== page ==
History and memory are important. They belong to all of us. They belong equally to victims as to victors. 

This is but one of the reasons why discussions and debates on colonialism and its impact remain not just important but immediately relevant. They are in no way just about the past. The impact of colonialism didn’t end with the departure of the last soldier, gunboat, civil servant, or High Commissioner or the lowering of a colonial flag.

Its impact echoes down through the ages in demography, economics, politics, law, geography, language etc., there are few aspects of life it did not or does not touch. Few would disagree that it fundamentally shapes identity amongst both the colonised and the coloniser. Moreover, the psychological and cultural impact of colonialism cannot be dismissed ideologically as something that happened ‘in the past’ and that we all need to ‘get over’

One only need reflect on Bastille Day in France, Remembrance Sunday in Britain, Independence Days in Ghana, India or most recently Barbados to recognise how the colonial past is still very much with us. 

Colonialism remains inextricably linked to recurring issues such as discrimination, inequality, and racism. Despite such realities, there has long been an agenda of outrage and denial that those once colonised and marginalised dared to assert their own story.

A recent high-profile example illustrates the issue. The wealth of Edward Colston, 17th Century Bristol merchant and deputy governor of the Royal African Company, which held a monopoly on the English trade in African slaves was built significantly on human bondage. But we would get no hint of this from the words engraved on his 1895 statue in Bristol city centre popularly removed in 2020 following a long campaign.

On the west-facing side of the statue, Colston is presented dispensing charity to poor children; on the north he is shown at the harbour; on the east with marine horses, mermaids, and anchors. Nowhere was there any reference to the 80,000+ slaves sent to the plantations in the British Caribbean or its consequences. 

Those who erected Colston's statue decided which aspect of his history was more ‘accurate’ or ‘valid’. The soft side of philanthropy won that debate not the ugly side of slave trading. Colston was described as one of the most virtuous and wise sons’ of Bristol, despite his reputation being somewhat different elsewhere.   

Extensive and extreme violence and racism were the routine stock in trade as well as the crucial fuel of empire and conquest across the world not least in Australia. In that context, the recent symbolic protest by Aboriginal Senator Lidia Thorpe highlights the issue once again, from the perspective of Australia’s first people.

The howls of protest at her act of defiance (echoed in the Times of Malta) attest to the dishonesty of Empire loyalists internationally. Not only do they wish to write history, they seek to own it exclusively.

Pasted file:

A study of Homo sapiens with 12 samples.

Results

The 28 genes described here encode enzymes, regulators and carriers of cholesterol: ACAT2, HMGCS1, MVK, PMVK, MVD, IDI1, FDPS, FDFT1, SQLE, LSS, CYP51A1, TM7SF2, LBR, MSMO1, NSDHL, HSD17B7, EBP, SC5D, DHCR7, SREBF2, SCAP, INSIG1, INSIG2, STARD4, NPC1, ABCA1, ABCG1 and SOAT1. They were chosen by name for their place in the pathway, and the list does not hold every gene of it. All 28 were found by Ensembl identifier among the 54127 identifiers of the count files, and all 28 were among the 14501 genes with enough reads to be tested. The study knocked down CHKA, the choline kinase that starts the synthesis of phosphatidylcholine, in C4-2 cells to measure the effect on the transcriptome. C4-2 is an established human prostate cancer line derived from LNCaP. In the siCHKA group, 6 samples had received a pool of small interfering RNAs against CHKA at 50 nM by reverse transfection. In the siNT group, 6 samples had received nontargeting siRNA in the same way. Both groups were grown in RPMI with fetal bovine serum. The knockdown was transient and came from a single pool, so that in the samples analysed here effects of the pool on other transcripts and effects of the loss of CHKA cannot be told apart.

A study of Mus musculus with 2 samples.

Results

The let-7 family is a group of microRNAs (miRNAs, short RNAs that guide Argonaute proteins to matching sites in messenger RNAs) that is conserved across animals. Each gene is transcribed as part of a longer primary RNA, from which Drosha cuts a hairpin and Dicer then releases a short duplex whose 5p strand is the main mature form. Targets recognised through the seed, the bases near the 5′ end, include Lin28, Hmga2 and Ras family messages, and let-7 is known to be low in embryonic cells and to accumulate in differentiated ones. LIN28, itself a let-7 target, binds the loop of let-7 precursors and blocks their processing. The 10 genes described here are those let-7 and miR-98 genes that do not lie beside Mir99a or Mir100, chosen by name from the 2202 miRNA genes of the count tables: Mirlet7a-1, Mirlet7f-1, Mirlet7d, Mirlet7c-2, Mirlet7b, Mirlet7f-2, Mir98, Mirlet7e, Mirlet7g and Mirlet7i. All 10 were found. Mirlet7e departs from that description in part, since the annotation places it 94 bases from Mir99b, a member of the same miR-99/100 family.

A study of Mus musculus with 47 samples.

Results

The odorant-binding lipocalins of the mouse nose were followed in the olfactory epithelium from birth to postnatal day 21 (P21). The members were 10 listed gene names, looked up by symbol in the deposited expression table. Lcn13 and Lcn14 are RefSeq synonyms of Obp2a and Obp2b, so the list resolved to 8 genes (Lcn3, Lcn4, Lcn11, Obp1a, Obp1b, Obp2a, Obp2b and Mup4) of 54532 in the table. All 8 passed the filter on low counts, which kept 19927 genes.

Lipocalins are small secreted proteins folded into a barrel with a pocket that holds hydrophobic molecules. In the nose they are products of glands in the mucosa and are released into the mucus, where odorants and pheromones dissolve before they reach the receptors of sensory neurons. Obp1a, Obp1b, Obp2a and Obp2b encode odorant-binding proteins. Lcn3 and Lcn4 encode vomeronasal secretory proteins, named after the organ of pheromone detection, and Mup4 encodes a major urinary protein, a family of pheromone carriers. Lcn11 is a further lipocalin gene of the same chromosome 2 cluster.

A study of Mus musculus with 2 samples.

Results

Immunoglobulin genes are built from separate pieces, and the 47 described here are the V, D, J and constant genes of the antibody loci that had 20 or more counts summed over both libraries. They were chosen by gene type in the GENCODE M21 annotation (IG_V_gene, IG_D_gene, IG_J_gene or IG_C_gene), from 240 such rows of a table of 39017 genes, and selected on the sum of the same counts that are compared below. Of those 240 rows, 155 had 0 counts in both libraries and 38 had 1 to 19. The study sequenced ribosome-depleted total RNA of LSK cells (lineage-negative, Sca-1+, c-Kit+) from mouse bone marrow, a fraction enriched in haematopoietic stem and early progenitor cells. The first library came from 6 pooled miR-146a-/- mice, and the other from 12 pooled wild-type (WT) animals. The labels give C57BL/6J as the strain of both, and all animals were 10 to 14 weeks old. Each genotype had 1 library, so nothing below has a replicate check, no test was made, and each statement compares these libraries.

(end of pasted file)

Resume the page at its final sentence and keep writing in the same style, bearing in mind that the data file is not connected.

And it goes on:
The issue raised by Lidia Thorpe is one that has been raised consistently by Aboriginal leaders since Federation in 1901. The fact that history in Australia has always been contested with many apologists or simply refusing to accept what happened and what continues to happen.

Massacres and the widespread incarceration of indigenous Australians plus the fiction of ‘Terra Nullius’ (declaring Australia as ‘empty land’) formed the basis of British settlement from the late 18th Century.

The forced removal of indigenous children from their families was a cornerstone of a policy that assumed black inferiority and white superiority. The objective of these policies was that indigenous people would ‘die out’, or where possible, be assimilated into the white community.

Lidia Thorpe serves as senator in Australia's parliament. Photo: Wikimedia CommonsLidia Thorpe serves as senator in Australia's parliament. Photo: Wikimedia Commons

The generations of children removed from their homes and families became known as the Stolen Generations and the legacy of trauma and loss haunts Aboriginal society. To this very day, Aboriginal people still struggle for Constitutional recognition and for effective justice.

For Aboriginal people, the past cannot be the past without equality in the present. At the very least, Aboriginal people must be consulted about the policies and practices that impact their lives. This has yet to happen in Australia.

In his February 2008 formal apology to Aboriginal Australia, Prime Minister Kevin Rudd while speaking of the horrors and injustices of the past, spoke of ‘laying claim to the future’ by acknowledging the past and by closing the ‘gap’ between indigenous and non-indigenous society.

The origins of that inequality and marginalisation can be found in the colonial attitudes and practices manifested in the Governments of the Crown, that continue to this day.

This is what Aboriginal Australians for generations have been trying to get the world to understand. Lidia Thorpe is but the latest to draw attention to this injustice that finally must be put right.

Phil Glendenning is the director of Australia's Edmund Rice Centre for Justice and Community Education and a former president of the Refugee Council of Australia.